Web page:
2023 was a tough year for miners but it is probably fair to say that those in gold came out on top.

Mining giant Newmont wrapped up its $16.8bn (A$26.2bn) takeover of Newcrest Mining towards the end of the year, leading to the formation of what it claims to be the globe’s leading gold miner.

Newmont says that the combined group will have a gold portfolio comprising more than half of the world’s tier-one assets with long-life operations, ample exploration prospects, as well as value-accretive projects.

The consolidation is expected to generate $500m in annual pre-tax synergies within the first two years. It could also bring in over $2bn in cash improvements through portfolio optimisation within the same period.

BHP was not to be outdone in 2023, bolstering its position in copper and nickel in line with its increasing focus on critical minerals, as it bought OZ Minerals in a $6.4bn deal.

In terms of production, Barrick’s move to resume gold mining at Pogera in Papua New Guinea caught the eye and is expected to generate more than $7bn over a 20-year expected mine life. Towards the end of the year, Barrick also got the green light from regulators for operations at its Goldrush mine in Nevada in the US – and it kicked off 2024 with talks with key investors in First Quantum Minerals to assess their backing for a potential takeover.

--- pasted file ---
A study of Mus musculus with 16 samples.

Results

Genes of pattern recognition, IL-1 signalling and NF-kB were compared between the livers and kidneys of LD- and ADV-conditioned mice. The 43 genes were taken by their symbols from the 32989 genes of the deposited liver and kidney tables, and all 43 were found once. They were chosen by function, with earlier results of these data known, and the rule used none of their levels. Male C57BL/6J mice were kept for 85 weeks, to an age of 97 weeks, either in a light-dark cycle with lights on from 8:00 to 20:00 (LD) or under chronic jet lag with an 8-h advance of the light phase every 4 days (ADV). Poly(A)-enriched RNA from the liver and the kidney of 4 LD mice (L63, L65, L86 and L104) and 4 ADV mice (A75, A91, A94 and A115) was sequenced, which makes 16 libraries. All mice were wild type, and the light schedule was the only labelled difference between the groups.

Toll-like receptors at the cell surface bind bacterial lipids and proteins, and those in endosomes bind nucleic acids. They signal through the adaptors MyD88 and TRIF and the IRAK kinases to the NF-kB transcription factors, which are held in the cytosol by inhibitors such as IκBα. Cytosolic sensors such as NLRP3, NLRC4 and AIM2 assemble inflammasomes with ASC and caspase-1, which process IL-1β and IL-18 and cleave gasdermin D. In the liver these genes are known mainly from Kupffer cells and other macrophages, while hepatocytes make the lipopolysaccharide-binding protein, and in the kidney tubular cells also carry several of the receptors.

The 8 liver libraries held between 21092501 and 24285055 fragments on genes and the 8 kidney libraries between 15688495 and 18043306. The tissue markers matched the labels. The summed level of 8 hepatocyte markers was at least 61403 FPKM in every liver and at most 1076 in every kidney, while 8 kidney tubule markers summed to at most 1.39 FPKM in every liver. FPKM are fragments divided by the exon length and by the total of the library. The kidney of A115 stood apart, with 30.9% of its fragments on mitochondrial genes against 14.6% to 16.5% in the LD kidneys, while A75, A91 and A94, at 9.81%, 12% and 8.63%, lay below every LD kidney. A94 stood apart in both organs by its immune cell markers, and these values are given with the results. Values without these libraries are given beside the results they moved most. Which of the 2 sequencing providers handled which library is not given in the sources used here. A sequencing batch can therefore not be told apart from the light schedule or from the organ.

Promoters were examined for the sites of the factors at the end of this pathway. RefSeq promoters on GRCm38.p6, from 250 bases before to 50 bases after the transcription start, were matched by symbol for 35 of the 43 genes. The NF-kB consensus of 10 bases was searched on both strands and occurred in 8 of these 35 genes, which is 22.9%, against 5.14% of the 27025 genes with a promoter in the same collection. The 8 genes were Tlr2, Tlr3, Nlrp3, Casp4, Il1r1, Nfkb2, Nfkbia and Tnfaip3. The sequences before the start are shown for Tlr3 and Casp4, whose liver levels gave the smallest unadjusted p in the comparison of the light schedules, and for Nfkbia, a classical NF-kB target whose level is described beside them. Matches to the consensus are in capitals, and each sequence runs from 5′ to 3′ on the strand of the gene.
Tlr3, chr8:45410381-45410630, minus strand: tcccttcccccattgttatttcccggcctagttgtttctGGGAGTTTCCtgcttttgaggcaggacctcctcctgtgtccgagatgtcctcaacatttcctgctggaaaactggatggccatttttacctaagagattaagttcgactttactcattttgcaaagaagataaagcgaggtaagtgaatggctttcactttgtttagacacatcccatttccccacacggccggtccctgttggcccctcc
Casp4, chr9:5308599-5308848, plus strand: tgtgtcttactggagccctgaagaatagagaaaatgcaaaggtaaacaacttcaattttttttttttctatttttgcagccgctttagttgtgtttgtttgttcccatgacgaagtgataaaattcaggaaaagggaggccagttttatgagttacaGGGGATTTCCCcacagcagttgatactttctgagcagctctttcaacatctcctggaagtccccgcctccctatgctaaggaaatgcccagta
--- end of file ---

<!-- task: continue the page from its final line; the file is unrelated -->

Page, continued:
The overall winner in terms of emissions reductions, though, was Antofagasta – the latest GlobalData statistics show it has brought them down by more than 38%, although Boliden, Newmont and Anglo American also delivered significant cuts.

The miners leading the way in adoption of renewable power and a switch away from diesel, meanwhile, include Fortescue Metals Group and Anglo American – they are aiming to achieve net-zero emissions by 2030 and 2040 respectively.

First Quantum, Boliden, Agnico Eagle, LKAB and Vale are leading the way as early adopters of battery and electric equipment, while Teck, Antofagasta and Polyus all already have very high shares of renewable power.

Other mining majors, such as BHP and Rio Tinto, are at the forefront of innovation, working with OEMs to develop zero-emission haul trucks. The major OEMs are all introducing battery and electric-powered machines, with Sandvik and Epiroc dominating the underground segment, while Hitachi, Komatsu, Liebherr are the main suppliers of trolley-assist trucks for surface mines. Caterpillar is developing battery and electric-powered machines for both surface and underground mining.